Planograms, also known as plano-grams, plan-o-grams, schematics and POGs, are visual representations of a store's products or services on display. They are considered a tool for visual merchandising. According to the Oxford English Dictionary, "It is a diagram or model that indicates the placement of retail products on shelves in order to maximize sales."[1] The effectiveness of the planogram can be measured by the sales volume generated from the specific section being diagramed.


Planograms are predominantly used in retail businesses. A planogram defines the location and quantity of products to be placed on display. The rules and theories for the creation of a planogram are set under the terms of merchandising. For example, in the limited shelf space, a vendor may prefer to provide consumers with a wide assortment of products, or may limit the assortment but increase the facings of each product to avoid stock-outs.[2] Manufacturers often send planograms to stores ahead of new product shipments. This is useful when a vendor wants retail displays in multiple store locations to have the same look and feel. Often, a consumer goods manufacturer will release a newly suggested planogram with their new product to show how the product can relate to existing products.

Fast-moving consumer goods organizations and supermarkets mostly use text and box-based planograms in order to optimize shelf space, inventory turns, and profit margins. Apparel brands and retailers are more focused on presentation and use pictorial planograms that illustrate the look and brand identity each product.

Placement methods[edit]


Visual product placement is supported by different theories including; horizontal, vertical, and block placement. Horizontal product placement increases the concentration of a certain article for customers. Research studies suggest that a products relation to a customers eye level directly correlates to its percentage of sales.[3] This also depends on a customer's distance from the unit. Vertical product placement puts products on more than one shelf level to achieve 15 centimetres (5.9 in) – 30 centimetres (12 in) of placement space. Similar products are placed in blocks – brands, for example.


Commercial placement is determined by both market share placement and margin placement[4]. Market share research companies like ACNielsen collect sales data for various products, and from this data, calculate the market share of a certain product in its market segment. Margin placement is determined by the profit margin of a specific item. Higher margin places a product closer to the front of the store where it is most likely to attract attention.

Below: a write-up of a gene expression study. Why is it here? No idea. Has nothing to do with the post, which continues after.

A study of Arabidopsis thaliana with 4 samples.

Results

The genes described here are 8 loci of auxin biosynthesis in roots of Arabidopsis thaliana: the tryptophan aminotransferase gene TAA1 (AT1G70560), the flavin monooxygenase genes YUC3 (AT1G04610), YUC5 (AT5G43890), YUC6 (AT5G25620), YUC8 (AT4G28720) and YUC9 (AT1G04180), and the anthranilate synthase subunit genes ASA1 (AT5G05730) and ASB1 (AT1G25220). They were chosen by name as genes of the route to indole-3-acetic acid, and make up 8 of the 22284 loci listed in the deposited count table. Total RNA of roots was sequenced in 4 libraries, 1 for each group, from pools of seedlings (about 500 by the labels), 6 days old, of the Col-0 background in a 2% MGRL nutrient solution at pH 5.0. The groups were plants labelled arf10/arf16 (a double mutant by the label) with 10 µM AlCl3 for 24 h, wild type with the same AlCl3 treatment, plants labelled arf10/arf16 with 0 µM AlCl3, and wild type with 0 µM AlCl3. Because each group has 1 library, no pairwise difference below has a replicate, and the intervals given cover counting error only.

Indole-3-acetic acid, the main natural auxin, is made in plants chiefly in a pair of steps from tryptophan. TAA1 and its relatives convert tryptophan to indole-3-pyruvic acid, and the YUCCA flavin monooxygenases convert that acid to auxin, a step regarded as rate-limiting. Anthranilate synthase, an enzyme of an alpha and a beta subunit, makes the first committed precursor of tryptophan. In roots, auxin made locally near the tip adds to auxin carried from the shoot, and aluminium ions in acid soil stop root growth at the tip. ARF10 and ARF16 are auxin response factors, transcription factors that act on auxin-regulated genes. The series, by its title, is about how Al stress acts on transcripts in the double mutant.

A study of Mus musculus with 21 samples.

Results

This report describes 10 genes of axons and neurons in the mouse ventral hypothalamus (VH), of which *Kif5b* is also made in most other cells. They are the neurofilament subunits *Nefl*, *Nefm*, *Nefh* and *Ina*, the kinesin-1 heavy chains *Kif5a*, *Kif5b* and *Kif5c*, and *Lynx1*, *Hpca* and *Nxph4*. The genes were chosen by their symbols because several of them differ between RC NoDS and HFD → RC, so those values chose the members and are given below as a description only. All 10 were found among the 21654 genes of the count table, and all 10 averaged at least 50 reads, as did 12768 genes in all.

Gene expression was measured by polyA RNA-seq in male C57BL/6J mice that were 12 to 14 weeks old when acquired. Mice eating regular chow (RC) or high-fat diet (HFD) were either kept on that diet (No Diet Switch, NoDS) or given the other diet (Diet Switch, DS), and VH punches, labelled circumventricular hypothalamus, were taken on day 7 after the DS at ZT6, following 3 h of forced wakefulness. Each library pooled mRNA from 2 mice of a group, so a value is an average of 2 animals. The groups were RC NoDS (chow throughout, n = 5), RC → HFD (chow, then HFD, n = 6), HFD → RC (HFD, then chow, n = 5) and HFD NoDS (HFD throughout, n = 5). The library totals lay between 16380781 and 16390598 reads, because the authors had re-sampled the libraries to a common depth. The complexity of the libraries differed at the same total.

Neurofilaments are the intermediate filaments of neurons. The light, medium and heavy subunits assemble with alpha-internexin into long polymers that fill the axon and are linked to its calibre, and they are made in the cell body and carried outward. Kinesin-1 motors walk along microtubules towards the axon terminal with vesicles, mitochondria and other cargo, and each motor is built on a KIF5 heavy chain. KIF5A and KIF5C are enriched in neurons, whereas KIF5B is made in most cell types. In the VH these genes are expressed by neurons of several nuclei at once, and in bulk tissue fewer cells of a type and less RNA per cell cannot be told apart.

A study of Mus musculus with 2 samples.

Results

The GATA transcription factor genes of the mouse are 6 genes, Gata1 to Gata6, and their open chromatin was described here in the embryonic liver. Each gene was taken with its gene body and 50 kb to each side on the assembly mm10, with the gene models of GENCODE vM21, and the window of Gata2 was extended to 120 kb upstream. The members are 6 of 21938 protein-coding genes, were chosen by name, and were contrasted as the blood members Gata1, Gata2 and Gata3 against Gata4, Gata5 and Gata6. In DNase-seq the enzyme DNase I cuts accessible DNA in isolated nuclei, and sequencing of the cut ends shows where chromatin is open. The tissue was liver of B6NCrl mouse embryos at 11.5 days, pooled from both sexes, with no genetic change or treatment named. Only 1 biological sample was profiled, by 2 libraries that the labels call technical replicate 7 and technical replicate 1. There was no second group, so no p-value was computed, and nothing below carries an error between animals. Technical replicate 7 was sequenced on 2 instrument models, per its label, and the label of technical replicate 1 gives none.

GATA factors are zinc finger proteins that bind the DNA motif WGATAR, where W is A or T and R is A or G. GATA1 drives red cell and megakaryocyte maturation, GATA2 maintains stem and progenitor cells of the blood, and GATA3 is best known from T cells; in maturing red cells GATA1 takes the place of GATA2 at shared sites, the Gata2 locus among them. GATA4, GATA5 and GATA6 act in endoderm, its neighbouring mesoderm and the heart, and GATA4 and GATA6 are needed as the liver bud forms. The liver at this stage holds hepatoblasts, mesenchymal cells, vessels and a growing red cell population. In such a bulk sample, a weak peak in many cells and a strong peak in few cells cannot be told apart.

Derivative targets[edit]

Derivative targets:

  • To communicate how to set the merchandise
  • To ensure sufficient inventory levels on the shelf or display
  • To use space effectively (e.g. floor, page, and screen)
  • To facilitate communication of retailer's brand identity
  • To assist in the process of mapping a store

Creation of planograms[edit]

The planogram originated with K-Mart. Planograms are created with the help of planogramming software by a Planogram Specialist, Space Planning Specialist or Space Planning Manager. The retail industry utilizes the automated software with the goal of ensuring proper stocking. Retailers are turning to planogram software to reflect each store’s particular customer desires and localized demand, while maintaining centralized control and supply chain efficiency. For example, some software packages focused upon fast-moving consumer goods and hard goods sectors made some enhancements to transfer parts of shelving elements to single store measurements, which, according to the producers, should increase efficiency.

Retailers are automating the creation of store-specific planograms through use of corporate-level business rules and constraints describing best practice product placements. Such planogramming solutions allow these companies to respond with location and language-specific messaging, pricing, and product placements based on business rules derived from location, campaign, and fixture attributes to create localized assortments.

Recent advances in store virtualization and collaboration allow manufacturers, retailers and category management experts from across the globe to work in the same virtual store in real time.


  1. ^ "planogram(plan·o·gram)". Oxford Dictionaries. Oxford University Press. Retrieved 5 October 2011.
  2. ^ Rajesh., Ray, (2010). Supply chain management for retailing. New Delhi: Tata McGraw-Hill Education. ISBN 9780070145047. OCLC 616081266.
  3. ^</a>
  4. ^ "PLANOGRAM". Retrieved 2018-10-17.